The Sturbridge Agricultural and Equestrian Center is envisioned as a state-of-the-art, green complex featuring athletic fields, farming programs, festival facilities, and an innovative racetrack for horses.
The athletic fields would include a community pavilion, restrooms, and a snack bar open to all ages. On a Saturday, play could kick off in the morning with the youngest youth soccer games and continue through an adult softball league in the evening.
Nature trails would wind around community gardens. Those gardens would help support a Farmer’s Market. It would be a center of activity for youth clubs such as the 4-H, Future Farmers of America (FFA), Boy Scouts, and Girl Scouts.
Residents would be able to gather for weekend festivals and enjoy dinner at a local restaurant on site. Events at the center would generate business for other local restaurants and hotels.
There would also be dozens of new jobs for residents along with $1 million in new annual revenue and benefits to the town.
But before any of that happens and as the project progresses, Sturbridge residents will have a say in what they want to have on the site. One of the biggest opportunities for residents is approval of an overlay district in a vote on Oct. 28. This overlay district is crucial for the project to progress.
An overlay district essentially adds zoning regulation that ensures that development will be beneficial to the town now and into the future. While zoning regulations crucially determine such things as how big a lot must be for a building, the height and density, and the setbacks, they may not be adequate for a specific area or project. In these situations, an overlay district can be added to allow for more specific control to ensure that projects there fit with the character and vision of the town.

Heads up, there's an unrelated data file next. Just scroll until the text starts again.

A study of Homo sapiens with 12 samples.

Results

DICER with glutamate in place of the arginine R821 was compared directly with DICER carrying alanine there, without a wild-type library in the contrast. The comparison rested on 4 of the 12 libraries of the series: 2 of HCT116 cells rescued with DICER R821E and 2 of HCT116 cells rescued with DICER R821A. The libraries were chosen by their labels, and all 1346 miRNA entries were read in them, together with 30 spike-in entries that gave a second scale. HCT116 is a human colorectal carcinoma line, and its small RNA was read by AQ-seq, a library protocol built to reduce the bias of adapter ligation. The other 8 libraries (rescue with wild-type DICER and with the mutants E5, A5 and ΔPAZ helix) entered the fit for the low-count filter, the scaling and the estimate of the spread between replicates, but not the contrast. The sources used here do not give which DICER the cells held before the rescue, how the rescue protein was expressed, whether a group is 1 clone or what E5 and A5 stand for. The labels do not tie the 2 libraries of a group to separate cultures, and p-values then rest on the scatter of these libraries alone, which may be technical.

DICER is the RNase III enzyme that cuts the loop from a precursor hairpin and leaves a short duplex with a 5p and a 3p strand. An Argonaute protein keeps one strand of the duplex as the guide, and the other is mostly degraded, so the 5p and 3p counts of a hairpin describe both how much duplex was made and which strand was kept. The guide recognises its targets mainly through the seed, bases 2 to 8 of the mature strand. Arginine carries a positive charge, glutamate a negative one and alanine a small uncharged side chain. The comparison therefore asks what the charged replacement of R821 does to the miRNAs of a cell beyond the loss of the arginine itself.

In Sturbridge, voters are being asked to adopt a proposed Agricultural Entertainment Overlay District for an area off I-84. It would cover about 380 acres in the southwest corner of the town on the Connecticut border. For reference, Sturbridge encompasses 24,000 acres, of which 6,000 acres are held in conservation.
This overlay district will define what can be built on the property. It would open the way for the athletic facilities, community amenities, restaurant, a festival facility, a specially designed safer racetrack, and facilities to care for horses throughout their lives.
While the regulations say what is allowed, they would also be very specific about what can not be built. Slot machines would expressly be prohibited and retail development would be limited. That means the land couldn’t be used for a casino or a strip mall.
Approval of the overlay district is not approval of the project. It puts into place the zoning regulations that would allow for the project, but residents still have control over what happens. The town must approve every facet of the project. The applicant would still need to provide detailed impact studies showing the effect of such things as noise and parking. And, the applicant would have to satisfy the requirements of both the site plan and special permitting bylaws.
In voting to approve the overlay district with this careful design, Sturbridge residents would be taking charge of their future. They would be defining how this area can be used. They would make way for thoughtful development that will benefit the town in the near term and for many generations to come.